Oil headed for its longest stretch of daily increases in more than 17 months as the U.S. Federal Reserve sought to soothe investor concerns, China moved to stimulate its economy and OPEC production cutbacks took effect.
Futures in New York rose as much as 3.2 percent after a fifth consecutive gain on Friday, when they settled at the highest closing level in two weeks. Crude is rising with other risk assets after Fed Chairman Jerome Powell said the central bank could pause interest-rate increases if the U.S. economy weakens. Data last week showed OPEC is following through on pledges to cut output.
Crude recovered slightly this month after posting its first annual loss since 2015. While Goldman Sachs Group Inc. cut its oil price forecasts for 2019, citing a re-emerging glut and resilient American shale output, the bank said a 42 percent drop toward the end of last year was excessive. Volatility persists as the U.S. and China try to negotiate an end to a trade war that risks hurting economic growth and OPEC and its allies pursue supply curbs.
“It could be that prices reached a turning point at the end of last year,” said Giovanni Staunovo, an analyst at UBS Group AG in Zurich. “Now I expect price support as the production cuts agreed by OPEC come into force, as oil demand remains healthy, and as we face a number of supply disruptions in fragile OPEC states. The market might be tighter in the first quarter than the market previously expected.”
West Texas Intermediate for February delivery rose as much as $1.51 to $49.47 a barrel on the New York Mercantile Exchange, and traded $1.36 higher at $49.32 a barrel at 10:54 a.m. in London. Prices increased 5.8 percent last week, the most since June 29.
Brent for March settlement increased 3 percent, or $1.61, to $58.61 a barrel on the ICE Futures Europe Exchange in London. Futures surged 9.3 percent last week, the biggest jump since December 2016. The global benchmark crude traded at a $9.05 premium to WTI for the same month.
In OPEC member Gabon, military officers seized the state broadcaster in what appeared to be a coup against ailing President Ali Bongo. Young army officers felt that a speech by Bongo from Morocco on Dec. 31 failed to assure them of his capacity to govern, according to Lieutenant Ondo Obiang Kelly. The soldiers have been arrested, Radio France Internationale reported, citing a government spokesman.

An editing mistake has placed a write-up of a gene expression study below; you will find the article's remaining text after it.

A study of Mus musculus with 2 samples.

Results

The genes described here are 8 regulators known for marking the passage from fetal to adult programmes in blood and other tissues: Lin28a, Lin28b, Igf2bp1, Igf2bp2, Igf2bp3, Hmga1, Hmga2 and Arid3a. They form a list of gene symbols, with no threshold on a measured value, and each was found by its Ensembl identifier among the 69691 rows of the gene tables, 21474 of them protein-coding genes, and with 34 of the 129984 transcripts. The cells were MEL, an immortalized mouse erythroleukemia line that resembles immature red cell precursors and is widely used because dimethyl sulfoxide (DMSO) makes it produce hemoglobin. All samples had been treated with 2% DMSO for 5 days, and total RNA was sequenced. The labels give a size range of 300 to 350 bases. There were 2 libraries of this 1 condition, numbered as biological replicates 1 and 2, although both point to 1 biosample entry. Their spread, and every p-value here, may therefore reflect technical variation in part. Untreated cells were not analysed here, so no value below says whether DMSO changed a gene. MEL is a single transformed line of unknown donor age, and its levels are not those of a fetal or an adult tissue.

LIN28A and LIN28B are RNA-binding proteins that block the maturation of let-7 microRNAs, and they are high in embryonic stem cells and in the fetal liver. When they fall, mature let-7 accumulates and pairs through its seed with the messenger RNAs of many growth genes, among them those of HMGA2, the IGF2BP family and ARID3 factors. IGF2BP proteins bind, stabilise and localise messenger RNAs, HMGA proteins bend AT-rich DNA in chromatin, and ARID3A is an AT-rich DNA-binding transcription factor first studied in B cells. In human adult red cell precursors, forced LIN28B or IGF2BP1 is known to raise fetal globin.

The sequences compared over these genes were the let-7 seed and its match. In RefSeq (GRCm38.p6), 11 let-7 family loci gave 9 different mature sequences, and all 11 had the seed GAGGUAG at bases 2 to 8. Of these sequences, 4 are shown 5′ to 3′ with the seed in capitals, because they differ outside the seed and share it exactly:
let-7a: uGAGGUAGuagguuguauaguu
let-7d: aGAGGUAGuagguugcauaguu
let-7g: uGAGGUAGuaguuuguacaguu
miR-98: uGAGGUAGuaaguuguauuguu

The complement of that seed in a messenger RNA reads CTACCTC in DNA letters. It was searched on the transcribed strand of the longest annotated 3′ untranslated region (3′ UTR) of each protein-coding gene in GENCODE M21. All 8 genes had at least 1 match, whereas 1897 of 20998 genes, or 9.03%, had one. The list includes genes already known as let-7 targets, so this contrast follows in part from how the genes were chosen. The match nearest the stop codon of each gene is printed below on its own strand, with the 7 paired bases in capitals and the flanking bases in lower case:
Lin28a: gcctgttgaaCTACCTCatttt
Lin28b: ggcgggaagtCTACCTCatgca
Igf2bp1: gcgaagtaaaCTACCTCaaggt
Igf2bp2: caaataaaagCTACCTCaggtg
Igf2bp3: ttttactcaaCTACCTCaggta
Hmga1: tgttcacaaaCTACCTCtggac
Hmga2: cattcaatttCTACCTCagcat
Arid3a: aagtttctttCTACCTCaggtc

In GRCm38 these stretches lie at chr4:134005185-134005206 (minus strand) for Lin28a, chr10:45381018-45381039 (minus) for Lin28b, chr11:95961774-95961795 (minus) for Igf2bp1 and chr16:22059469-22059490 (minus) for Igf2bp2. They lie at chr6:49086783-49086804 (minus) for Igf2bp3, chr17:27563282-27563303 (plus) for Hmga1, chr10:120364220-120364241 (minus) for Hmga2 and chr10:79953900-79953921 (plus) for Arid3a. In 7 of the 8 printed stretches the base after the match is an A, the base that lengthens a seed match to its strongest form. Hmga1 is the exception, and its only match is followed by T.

Fed Chairman Powell said he’s “listening sensitively to the message that markets are sending” about downside risks, invoking events of 2016, when rates were kept unchanged throughout most of the year on concerns of slowing growth in China. The prospect of a hold in U.S. interest-rate hikes weakened the dollar, which is typically positive for commodities such as oil that are denominated in the greenback.
“The statement from the Fed chair was in the direction of what the market bulls have wanted,” Kim Kwangrae, a commodities analyst at Samsung Futures Inc., said by phone from Seoul. “At the same time, there’s increased expectation that OPEC+ will cut its production from this month. The drop in the U.S. rig count is also seen as a bullish factor.”
A further step by China’s central bank late Friday to secure liquidity to the slowing economy also helped assuage some investor concerns. American and Chinese officials will begin negotiations on Monday in the hope of reaching a deal during a 90-day truce in the trade war between the administrations of President Donald Trump and counterpart Xi Jinping.
Working oil rigs in the U.S. fell for the first time in three weeks, by 8 to 877, according to data released Friday by oilfield-services provider Baker Hughes. That’s the biggest drop since the week ended Dec. 7.
Other oil-market news: Libya produced 1.1 million barrels a day of oil last year, the highest in five years and plans to pump 2.1 million barrels a day by 2022, the country’s National Oil Corp. Chairman Mustafa Sanalla told reporters. Any potential disruption to Gabon’s oil output, following a military coup attempt, would only have an impact on a small share of OPEC’s total output because the country produces so little. South Korea’s Hanwha Total Petrochemical Co. is said to plan buying about 4 million barrels per month of Iranian condensate in February-April, following the granting of a U.S. waiver from restrictions on purchases.